Kobe Bryant: Cultural icon
Sports Jan 30, 2020 Jack Anderson
By Jack Anderson
What was it that made us feel so heroic when we said “Kobe!” as we shot an object into a trash can? How did Kobe Bryant become such an icon that we yell his name as we shoot in pickup games, or fool around in the classroom, or heave trash into the garbage can out of boredom at the office?
Kobe’s status in the basketball world made him a meme before memes were cool. The origins of “Kobe!” trace as far back as 2004, well into Kobe’s prime years, and even influenced comedian Dave Chappelle to write a skit about it. Saying “Kobe” makes any average man or woman feel like a superstar just from hitting a shot of crumpled paper into a trash can six feet away. Kobe’s influence reached everywhere. His basketball legacy is forever ingrained into our minds, with memes like this that emphasize the cultural impact he’s had. He was immortalized in the game long before his career was even over.
This is just one reason why the tragic news of Kobe Bryant’s death on January 26, along with his daughter Gianna and 7 others, is so shocking. Kobe was always an athlete who just seemed invincible. He was bigger than the sport itself. His ‘Mamba Mentality’ was a signature to his game, as he was just mentally tougher than any athlete of his generation. He was locked in 24/7, one of the most focused individuals in sports, especially when it mattered most in clutch moments or in the playoffs. All of these traits make it so hard to believe that a man at that level of mental and physical invincibility can be gone so soon. In a way, it makes you feel vulnerable and powerless as a human being when something so horrific can happen to someone of such strength.
Not long before the news of the helicopter crash, a video of Kobe and his daughter Gianna Bryant, 13, at a Lakers game went viral as it showed Kobe coaching her with the same Mamba Mentality that he’s always had, and Gianna’s soaking it all in, smiling and nodding. They had such a close relationship, and she wanted to be just like him. In an interview with Jimmy Kimmel before he passed, Kobe mentioned that she wanted to play in the WNBA. She had dreams of following her Dad’s footsteps and she was on her way there. That part kills me the most about their deaths. Gigi was born with the same Mamba Mentality that her dad had and was ready to carry the legacy.
The Kobe anecdotes continue to pile up all over social media. Green Bay Packers quarterback Aaron Rodgers’ words ring true: “Everybody had a Kobe story,” like ESPN anchor Elle Duncan who shared her Kobe story on SportsCenter. She explained how he would gush about his daughters, specifically mentioning Gigi in their interview, and how he just loved to be a girl dad, while she held back tears. Her story was one of many stories that touched the hearts of fans everywhere, and even began trending on Twitter, with the hashtag #girldad. Kobe loved his daughters so much and you could really see that shine through.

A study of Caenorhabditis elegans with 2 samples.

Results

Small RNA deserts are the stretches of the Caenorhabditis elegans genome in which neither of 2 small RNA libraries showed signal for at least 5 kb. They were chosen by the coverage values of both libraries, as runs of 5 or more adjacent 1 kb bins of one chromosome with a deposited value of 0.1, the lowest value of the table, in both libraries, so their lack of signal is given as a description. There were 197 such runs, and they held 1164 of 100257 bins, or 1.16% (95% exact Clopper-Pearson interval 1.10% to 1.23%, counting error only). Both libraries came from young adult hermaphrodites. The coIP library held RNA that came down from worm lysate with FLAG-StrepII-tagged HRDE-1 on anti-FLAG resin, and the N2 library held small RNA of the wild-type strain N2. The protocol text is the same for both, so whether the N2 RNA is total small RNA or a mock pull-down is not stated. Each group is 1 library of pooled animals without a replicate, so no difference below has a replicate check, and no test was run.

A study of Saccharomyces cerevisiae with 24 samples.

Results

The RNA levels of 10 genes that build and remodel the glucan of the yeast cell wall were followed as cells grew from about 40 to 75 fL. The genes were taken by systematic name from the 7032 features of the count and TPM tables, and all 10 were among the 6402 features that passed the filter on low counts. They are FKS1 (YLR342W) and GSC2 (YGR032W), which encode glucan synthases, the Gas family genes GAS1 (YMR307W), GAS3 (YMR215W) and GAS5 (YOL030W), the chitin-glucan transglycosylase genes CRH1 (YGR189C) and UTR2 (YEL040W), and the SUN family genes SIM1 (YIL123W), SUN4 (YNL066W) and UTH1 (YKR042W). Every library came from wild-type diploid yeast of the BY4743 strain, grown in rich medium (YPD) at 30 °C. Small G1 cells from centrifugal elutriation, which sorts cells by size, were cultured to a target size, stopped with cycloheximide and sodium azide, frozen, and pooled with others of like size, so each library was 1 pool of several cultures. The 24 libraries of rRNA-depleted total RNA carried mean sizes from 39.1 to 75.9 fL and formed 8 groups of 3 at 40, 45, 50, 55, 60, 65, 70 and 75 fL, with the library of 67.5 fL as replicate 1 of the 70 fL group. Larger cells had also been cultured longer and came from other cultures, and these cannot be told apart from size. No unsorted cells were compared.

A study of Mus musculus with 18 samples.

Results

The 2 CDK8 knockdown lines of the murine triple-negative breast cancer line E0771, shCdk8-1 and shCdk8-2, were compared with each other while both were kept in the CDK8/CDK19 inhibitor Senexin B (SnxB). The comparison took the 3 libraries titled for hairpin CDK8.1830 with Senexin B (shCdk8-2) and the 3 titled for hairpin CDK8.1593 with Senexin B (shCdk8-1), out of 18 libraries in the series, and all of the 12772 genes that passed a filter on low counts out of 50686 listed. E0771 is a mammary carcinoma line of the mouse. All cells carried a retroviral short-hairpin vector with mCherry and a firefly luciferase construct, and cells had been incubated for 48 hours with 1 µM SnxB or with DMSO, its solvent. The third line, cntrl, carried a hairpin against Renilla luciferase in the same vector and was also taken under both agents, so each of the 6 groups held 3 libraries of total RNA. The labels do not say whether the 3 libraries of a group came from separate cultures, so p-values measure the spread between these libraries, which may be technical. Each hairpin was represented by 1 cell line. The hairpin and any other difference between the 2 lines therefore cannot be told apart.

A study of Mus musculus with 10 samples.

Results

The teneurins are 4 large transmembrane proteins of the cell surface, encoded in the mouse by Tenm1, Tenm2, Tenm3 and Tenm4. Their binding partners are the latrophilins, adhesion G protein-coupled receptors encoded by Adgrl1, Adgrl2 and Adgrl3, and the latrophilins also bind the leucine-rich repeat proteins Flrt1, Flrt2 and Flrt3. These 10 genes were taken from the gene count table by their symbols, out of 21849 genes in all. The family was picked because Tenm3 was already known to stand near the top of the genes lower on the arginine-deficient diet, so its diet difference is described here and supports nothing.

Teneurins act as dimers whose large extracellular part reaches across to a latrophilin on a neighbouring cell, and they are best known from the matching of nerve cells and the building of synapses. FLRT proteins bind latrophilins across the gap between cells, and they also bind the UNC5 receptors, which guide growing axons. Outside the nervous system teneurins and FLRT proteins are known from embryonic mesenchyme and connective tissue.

Then, we saw Shaquille O’Neal open up about Kobe’s passing and what he’s been dealing with since losing his former teammate. Seeing Shaq get emotional to that degree was something we’ve never seen before from him. He added during his emotional interview that Kobe had just texted his son Shareef to check on him. Bryant had such character and really cared for those around him. Shaq was far from the only player, active or inactive, to be visibly distraught by the news. That Sunday, NBA games were still being played as the afternoon news broke, and several players chose not to play. Many players were seen emotional before, during and after the games, like Tyson Chandler and Bradley Beal. It was a very difficult day for many.
The Raptors and Spurs paid tribute to Kobe’s death on January 26 by committing a 24-second shot clock violation in honour of #24. The league felt the hurt. Fans around the world have been impacted too, and the tributes to Kobe Bryant have been endless. Even gamers on NBA 2K20 got involved by playing online with Kobe Bryant Lakers jerseys and starting off matches by taking 24-second violations, just like the Raptors and Spurs did.
The world stood still on Sunday, January 26th of 2020. Kobe’s death has already seen the cultural significance of a death like Michael Jackson’s or John Lennon. He was exactly what those two were in their industry: legends.
So whenever someone picks up some trash, or some crumpled paper or a basketball itself, let’s hope that the 5-time NBA champion comes to mind and that person yells his name as they drain the shot. It’s up to this generation of basketball fans to remind the next generation of Kobe Bryant’s importance and the everlasting impact that he had on the game, and all that can be done by never letting a great tradition die. How else would the Mamba want to be remembered?